Because count four of the plaintiff's complaint was brought pursuant to G. L. c. 93A, Section 11, there was no requirement of a thirty-day demand letter as required by G. L. c. 93A, Section 9, Nader v. Citron, 372 Mass. 96 , 99-101 (1977), and the judge committed error in dismissing count four. The judgment is vacated and the case is remanded to the Superior Court for proceedings consistent with this opinion.
The defendant has appealed from his conviction on an indictment charging unnatural rape. He argues five assignments of error.
1. The first and fifth assignments concern the judge's failure to charge as requested, and the second claims error in an instruction given by the judge. Regarding the fifth assignment, we note that during the course of the pre-charge conference on counsel's requests for instructions, the judge indicated that he would "tell them about fresh complaint and . . . discuss corroborating witnesses." Following that statement, counsel "reserved [his] right to object after the charge." The judge did not give a charge on this point as predicted. However, no question concerning any of these claimed shortcomings in the charge was raised before the judge until almost two hours after the jury had retired to consider the case. These assignments are not properly before us. Mass.R.Crim.P. 24(b), 378 Mass. 895 (1979).
2. There was no error in the denial of the defendant's motion for a mistrial, as claimed in the third assignment. The motion was made when the victim's aunt called out "liar" at a point during the defendant's testimony. The judge gave prompt and forceful instructions which, we have no doubt, cured any possible prejudice. See Commonwealth v. Eagan, 357 Mass. 585 , 589 (1970). We cannot assume that they did not have their intended effect. Commonwealth v. Jackson, 384 Mass. 572 , 579 (1981). Commonwealth v. Lee, 4 Mass. App. Ct. 453 , 459 (1976). The choice of instructing the jury rather than granting a mistrial was within the judge's discretion. Commonwealth v. Flowers, 5 Mass. App. Ct. 557 , 568 (1977).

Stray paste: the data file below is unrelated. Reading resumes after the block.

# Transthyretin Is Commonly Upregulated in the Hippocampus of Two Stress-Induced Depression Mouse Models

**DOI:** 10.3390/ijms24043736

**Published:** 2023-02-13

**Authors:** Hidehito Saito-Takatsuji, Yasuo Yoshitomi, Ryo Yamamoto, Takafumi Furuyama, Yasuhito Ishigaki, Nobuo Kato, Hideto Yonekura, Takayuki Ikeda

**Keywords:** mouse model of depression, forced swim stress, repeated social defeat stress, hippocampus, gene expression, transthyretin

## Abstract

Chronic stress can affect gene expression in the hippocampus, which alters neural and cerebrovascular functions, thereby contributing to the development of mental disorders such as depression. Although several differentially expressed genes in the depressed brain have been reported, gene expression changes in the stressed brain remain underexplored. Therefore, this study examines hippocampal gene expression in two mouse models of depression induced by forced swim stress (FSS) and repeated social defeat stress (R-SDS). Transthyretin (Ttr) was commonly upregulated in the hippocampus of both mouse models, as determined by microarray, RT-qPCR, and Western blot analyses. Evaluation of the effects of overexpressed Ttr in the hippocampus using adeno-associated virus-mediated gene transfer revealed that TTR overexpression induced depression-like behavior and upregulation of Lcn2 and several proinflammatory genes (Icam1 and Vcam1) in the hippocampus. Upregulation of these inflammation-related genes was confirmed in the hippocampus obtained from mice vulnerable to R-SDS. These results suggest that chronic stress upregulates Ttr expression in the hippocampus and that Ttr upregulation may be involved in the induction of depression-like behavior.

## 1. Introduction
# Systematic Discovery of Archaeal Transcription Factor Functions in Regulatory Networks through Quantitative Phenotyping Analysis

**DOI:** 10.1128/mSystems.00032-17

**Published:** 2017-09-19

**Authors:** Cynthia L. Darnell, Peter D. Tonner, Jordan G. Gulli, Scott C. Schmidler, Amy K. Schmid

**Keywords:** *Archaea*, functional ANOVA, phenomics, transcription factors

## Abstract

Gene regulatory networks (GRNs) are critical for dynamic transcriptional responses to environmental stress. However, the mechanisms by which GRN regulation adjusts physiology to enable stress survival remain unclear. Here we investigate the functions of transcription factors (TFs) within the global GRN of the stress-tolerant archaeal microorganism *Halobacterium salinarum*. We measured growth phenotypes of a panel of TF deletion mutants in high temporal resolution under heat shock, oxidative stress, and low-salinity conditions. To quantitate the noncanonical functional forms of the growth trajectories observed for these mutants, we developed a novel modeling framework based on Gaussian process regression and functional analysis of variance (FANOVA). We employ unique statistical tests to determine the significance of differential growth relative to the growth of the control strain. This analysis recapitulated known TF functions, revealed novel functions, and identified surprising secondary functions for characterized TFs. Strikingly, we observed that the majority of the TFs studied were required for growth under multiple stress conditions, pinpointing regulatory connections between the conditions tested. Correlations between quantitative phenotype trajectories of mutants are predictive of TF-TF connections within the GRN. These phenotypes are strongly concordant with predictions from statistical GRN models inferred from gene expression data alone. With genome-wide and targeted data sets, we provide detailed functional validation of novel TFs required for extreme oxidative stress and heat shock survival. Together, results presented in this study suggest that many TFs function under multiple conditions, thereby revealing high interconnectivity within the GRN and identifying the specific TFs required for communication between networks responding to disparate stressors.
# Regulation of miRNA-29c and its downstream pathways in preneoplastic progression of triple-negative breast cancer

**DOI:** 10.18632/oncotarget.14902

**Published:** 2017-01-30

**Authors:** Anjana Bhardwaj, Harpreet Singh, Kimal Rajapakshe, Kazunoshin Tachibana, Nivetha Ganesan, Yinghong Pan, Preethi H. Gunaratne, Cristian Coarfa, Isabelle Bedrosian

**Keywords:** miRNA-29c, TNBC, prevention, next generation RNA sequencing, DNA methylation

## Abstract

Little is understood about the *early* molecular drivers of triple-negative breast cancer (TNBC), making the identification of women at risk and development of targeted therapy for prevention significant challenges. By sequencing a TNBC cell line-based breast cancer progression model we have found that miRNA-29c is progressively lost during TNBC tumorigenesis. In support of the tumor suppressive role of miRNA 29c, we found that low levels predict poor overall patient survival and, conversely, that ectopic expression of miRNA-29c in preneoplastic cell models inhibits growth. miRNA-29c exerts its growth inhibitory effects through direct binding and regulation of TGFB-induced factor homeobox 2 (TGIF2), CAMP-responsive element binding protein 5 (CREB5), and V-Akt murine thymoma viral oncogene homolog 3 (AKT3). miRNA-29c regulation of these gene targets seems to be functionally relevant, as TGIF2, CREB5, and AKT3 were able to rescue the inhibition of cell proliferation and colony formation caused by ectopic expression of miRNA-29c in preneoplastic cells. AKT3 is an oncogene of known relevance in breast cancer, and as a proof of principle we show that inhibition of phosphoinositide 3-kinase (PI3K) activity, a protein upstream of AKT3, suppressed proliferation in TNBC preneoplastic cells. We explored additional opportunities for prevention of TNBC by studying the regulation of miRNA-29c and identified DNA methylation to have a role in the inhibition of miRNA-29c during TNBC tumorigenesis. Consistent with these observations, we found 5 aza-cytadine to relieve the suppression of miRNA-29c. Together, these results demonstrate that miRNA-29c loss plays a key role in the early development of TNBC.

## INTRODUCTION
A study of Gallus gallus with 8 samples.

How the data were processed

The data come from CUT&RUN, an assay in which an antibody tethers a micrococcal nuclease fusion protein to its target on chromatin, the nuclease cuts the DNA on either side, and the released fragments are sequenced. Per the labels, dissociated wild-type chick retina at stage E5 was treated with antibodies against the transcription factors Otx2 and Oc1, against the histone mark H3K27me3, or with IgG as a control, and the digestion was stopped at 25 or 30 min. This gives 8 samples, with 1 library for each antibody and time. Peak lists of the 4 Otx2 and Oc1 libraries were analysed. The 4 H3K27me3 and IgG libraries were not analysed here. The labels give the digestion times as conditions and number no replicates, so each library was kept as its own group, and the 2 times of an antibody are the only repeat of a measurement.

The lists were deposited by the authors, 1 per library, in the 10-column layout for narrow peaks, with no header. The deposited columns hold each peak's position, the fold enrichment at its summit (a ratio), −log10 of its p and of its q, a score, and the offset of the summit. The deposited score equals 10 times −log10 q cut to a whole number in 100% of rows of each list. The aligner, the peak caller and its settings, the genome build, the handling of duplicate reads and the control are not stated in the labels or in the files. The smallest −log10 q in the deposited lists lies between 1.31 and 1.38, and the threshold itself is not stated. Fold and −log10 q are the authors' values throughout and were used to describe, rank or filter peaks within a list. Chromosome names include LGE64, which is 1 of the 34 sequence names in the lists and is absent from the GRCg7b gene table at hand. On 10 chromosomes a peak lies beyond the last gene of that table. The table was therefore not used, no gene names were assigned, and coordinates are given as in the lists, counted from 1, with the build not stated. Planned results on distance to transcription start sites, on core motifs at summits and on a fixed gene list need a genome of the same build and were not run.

3. The fourth assignment raises two discrete issues. One concerns a question which was objected to but not answered even though the objection to it had been overruled. A new (and proper) question was phrased in a substantially different form and was answered. It was not objected to and is not before us. The other issue concerns the propriety of certain questions (essentially neutral) put to a medical witness by the judge. Here again there was no objection, and there is nothing before us. Commonwealth v. Fiore, 364 Mass. 819 , 826 (1974). Commonwealth v. Fitzgerald, 380 Mass. 840 , 846 (1980).
4. Our examination of the record satisfies us that there is no substantial risk of a miscarriage of justice occasioned by any action of the judge in the matters discussed above in parts 1 and 3. See Commonwealth v. Freeman, 352 Mass. 556 , 564 (1967).